Armed men hijack a New York City subway train, holding the passengers hostage in return for a ransom, and turning an ordinary day's work for dispatcher Walter Garber into a face-off with the mastermind behind the crime.
After a ferry is bombed in New Orleans, an A.T.F. agent joins a unique investigation using experimental surveillance technology to find the bomber, but soon finds himself becoming obsessed with one of the victims.
When his army unit was ambushed during the first Gulf War, Sergeant Raymond Shaw saved his fellow soldiers just as his commanding officer, then-Captain Ben Marco, was knocked unconscious. Brokering the incident for political capital, Shaw eventually becomes a vice-presidential nominee, while Marco is haunted by dreams of what happened -- or didn't happen -- in Kuwait. As Marco (now a Major) investigates, the story begins to unravel, to the point where he questions if it happened at all. Is it possible the entire unit was kidnapped and brainwashed to believe Shaw is a war hero as part of a plot to seize the White House? Some very powerful people at Manchurian Global corporation appear desperate to stop him from finding out.Written by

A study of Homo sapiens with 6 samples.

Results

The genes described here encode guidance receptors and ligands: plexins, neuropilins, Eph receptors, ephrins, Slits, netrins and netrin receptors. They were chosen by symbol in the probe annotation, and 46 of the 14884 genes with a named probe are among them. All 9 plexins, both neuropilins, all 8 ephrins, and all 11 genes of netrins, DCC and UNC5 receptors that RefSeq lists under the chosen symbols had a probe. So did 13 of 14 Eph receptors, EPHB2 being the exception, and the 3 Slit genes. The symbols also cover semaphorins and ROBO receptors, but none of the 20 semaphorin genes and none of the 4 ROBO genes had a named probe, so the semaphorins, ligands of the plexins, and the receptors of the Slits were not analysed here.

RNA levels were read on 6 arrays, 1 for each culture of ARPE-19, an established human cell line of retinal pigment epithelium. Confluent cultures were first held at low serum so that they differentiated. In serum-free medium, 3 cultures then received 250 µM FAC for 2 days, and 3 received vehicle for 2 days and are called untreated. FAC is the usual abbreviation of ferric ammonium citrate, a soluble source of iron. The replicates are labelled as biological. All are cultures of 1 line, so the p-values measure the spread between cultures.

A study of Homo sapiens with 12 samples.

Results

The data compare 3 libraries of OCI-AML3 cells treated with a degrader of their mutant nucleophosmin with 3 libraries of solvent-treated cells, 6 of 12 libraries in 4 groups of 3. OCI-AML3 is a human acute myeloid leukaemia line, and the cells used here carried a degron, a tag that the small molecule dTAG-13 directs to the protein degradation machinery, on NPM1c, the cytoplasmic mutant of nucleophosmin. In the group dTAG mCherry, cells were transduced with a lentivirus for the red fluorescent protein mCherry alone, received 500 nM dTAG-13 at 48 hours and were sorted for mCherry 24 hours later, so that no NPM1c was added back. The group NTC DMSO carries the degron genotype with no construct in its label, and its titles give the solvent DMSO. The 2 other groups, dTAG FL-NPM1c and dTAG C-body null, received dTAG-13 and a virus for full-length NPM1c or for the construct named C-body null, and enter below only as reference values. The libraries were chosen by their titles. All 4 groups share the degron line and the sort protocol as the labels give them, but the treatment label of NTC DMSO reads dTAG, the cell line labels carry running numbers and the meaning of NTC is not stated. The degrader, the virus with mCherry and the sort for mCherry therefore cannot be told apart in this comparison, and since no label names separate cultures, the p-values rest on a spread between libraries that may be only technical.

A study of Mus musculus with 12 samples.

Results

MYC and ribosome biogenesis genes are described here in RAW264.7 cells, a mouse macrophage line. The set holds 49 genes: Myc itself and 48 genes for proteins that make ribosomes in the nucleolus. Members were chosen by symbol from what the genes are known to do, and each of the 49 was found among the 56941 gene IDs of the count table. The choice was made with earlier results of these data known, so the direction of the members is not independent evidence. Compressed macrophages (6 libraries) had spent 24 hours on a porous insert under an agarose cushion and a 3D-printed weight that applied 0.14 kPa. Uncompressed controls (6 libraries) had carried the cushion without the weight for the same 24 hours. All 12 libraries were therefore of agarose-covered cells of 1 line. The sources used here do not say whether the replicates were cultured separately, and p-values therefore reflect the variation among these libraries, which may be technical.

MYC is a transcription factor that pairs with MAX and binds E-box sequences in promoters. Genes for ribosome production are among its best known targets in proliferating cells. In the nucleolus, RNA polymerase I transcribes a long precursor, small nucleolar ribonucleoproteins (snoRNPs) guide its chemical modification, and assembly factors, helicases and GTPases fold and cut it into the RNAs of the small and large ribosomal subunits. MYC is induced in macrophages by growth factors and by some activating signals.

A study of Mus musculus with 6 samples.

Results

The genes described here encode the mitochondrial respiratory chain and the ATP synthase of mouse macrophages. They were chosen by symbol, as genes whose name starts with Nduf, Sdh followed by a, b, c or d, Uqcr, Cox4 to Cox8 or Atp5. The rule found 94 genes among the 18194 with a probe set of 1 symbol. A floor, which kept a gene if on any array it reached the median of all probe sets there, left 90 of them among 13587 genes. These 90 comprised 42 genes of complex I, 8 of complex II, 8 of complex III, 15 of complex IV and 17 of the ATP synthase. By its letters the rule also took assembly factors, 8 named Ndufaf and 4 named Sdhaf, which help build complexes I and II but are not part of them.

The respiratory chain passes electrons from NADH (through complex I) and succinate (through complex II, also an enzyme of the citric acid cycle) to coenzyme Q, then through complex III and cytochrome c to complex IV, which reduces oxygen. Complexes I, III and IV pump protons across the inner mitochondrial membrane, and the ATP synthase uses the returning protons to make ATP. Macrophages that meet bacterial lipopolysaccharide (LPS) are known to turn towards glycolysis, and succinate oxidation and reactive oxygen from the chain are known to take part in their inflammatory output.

Pablo Schreiber and Bill Irwin appeared in Lights Out (2011). See more »
In the opening scene where the "Lost Patrol" is ambushed, Captain Marco is shown driving the truck while Sergeant Shaw is riding in the passenger seat. This is highly unusual in Army doctrine, as the senior most ranking individual will ride as the vehicle commander, sitting in the passenger seat. This is also true as an Officer, generally, will not engage targets on the mounted machine gun. See more »
So why don't we just go directly right up in this route, straight in...
Yes, I see the Captain enjoys the road less-traveled.
No, the Captain enjoys not going down the highway, draggin' his ass so every Tom, Dick, Gaddafi can take a whack at it.